The psychological aspect of Holidays

The psychological aspect of Holidays

Work, it has been said, should consist in doing what we like doing, whilst in our leisure, we should be prepared to fit in with other people and do what they want us to do. In real life it often goes the other way, for a large proportion of our time may be taken up by work we do not like and find unsatisfying. Our work can be incomplete in the sense that we are remote from the end product, feeling as mere cogs in some massive production or administration set-up.

Soul-less repetition and dull routine, however well paid, cannot provide pleasure and satisfaction in the work we do. We then have to use our leisure to compensate for it. That is to say, we do what we like doing in our leisure time. We gain our utmost satisfaction from leisure when it is used creatively to develop a sense of worthwhileness and fulfilment which may be lacking in our work.

The purpose of the holiday is to re-charge our human battery so as to renew our energy and zest for life. A holiday is not all that important when you like your work gain satisfaction from it, though, of course, it may be necessary for health reasons. Doing without a holiday can, therefore, be a false economy.

A holiday requires planning. To begin with, you need to decide what kind of holiday you want. Naturally, we have to try to fit in with others, but if you know you need a quiet relaxing fortnight, whilst family or friends are itching for the something else, it is wise, to be honest about it. For example, we can allow ourselves to be pressured into a heavy mileage of car-driving on roads unfamiliar to us. If you are tired before you start this is dangerous as well as foolish.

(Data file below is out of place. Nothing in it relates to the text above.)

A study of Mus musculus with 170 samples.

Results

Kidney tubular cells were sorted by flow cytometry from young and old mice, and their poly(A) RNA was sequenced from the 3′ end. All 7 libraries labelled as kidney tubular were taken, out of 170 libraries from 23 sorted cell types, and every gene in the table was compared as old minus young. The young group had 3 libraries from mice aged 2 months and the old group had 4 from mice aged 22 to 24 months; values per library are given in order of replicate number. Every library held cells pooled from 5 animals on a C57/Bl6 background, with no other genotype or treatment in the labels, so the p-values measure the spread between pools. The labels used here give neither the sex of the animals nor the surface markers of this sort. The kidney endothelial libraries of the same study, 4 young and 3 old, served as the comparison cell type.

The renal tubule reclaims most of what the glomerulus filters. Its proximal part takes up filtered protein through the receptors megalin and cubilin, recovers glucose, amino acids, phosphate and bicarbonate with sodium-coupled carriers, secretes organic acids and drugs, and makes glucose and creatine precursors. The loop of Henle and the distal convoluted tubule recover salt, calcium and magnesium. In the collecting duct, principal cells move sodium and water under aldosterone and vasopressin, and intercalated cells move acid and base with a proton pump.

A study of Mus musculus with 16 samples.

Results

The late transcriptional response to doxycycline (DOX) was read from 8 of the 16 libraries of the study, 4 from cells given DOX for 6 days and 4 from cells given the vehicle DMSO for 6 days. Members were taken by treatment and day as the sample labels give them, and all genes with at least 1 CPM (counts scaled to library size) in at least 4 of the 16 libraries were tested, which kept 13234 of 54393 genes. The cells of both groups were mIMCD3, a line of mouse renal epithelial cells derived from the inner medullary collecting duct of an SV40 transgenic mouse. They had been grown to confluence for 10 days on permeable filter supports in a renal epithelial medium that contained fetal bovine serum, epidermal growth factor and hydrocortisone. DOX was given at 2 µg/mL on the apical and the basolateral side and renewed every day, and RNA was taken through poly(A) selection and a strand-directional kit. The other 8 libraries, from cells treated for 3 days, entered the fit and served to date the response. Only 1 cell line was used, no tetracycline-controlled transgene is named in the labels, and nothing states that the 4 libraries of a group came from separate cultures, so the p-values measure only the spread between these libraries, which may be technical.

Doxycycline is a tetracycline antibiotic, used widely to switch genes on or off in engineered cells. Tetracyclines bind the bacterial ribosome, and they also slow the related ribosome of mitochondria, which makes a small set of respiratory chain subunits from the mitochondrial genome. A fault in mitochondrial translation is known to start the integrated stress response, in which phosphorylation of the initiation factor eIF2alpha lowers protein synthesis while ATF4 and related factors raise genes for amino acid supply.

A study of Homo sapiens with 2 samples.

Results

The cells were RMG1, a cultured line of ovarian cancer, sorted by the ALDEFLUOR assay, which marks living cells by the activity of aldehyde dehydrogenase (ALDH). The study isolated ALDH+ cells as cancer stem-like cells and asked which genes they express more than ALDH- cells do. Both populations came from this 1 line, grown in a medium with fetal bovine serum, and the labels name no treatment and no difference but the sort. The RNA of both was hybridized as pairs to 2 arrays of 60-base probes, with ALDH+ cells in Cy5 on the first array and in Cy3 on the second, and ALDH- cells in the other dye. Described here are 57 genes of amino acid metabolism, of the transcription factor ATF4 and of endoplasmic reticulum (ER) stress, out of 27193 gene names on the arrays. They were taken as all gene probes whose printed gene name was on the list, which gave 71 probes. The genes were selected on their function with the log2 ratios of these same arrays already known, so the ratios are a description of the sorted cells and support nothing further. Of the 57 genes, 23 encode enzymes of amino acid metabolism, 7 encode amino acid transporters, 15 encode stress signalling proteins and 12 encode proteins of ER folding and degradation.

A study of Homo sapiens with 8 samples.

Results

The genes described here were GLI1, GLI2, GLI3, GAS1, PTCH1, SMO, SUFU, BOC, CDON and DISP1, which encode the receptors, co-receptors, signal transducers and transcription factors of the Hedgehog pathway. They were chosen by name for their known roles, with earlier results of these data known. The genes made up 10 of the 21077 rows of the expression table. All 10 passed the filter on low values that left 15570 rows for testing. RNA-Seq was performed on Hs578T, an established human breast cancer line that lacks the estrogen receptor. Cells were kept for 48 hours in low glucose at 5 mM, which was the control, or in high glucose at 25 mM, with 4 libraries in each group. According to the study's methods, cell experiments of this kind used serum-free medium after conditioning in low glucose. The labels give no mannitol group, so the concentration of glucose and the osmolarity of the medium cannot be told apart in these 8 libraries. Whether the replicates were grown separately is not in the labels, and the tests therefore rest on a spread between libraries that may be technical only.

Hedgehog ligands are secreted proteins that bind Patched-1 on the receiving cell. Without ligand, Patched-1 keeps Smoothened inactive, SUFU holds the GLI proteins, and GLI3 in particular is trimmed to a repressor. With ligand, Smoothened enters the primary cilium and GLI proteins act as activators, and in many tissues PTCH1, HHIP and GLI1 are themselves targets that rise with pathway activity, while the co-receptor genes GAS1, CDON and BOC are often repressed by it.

Exerting pressure on people to do what they genuinely do not want to do, and may not really be fit enough to do, results in a disappointing holiday with, perhaps, bad feeling all rounds. Sometimes, it is best to go one’s own way. On the other hand, where a family is concerned, we have to be fair. Often, with understanding and goodwill, it is possible to compromise so that everybody is pleased with the plan.

The most exhausting holiday is the go-go-do-do type in which we try to see it all and do everything in a brief limited period. This situation of keep-up-and-stay-with-it-and-don’t-miss-anything intensifies nervous instead of reducing it, thus making it impossible to relax.

It is more satisfying as well as better from the health standpoint to do less rather than more, even should this imply returning for a second visit. Incidentally, this is the way you really do know places and their people. When planning a holiday take three factors into account: change and contrast; balance; and interest.

The Importance of holidays for your mind and body

It is not really much of holiday if you end up doing more or less the same as you do in ordinary life. Obvious, the type of holiday you want will depend on your personal tendencies and inclinations. For example, you may be an extroverted person who enjoys the company and social gatherings.

All the same, you do not have to decide on what is practically a duplication of what you do at home. Take a little trouble to find out and you will discover that in various parts of your country, just as much as on the region, festivities and gatherings take place with people coming together for exciting programs.

Your holidays should be a break from the ordinary routine, a change and contrast, and not a replica of what you do in the evening and at weekends. We say we need a change. This is not achieved, merely by shifting ourselves from one place to another and then proceeding exactly as before. A holiday should be made as different as possible. Thus, when you study those glossy brochures, look out for what is happening, and what you can see and do because it is as important as the rest of it.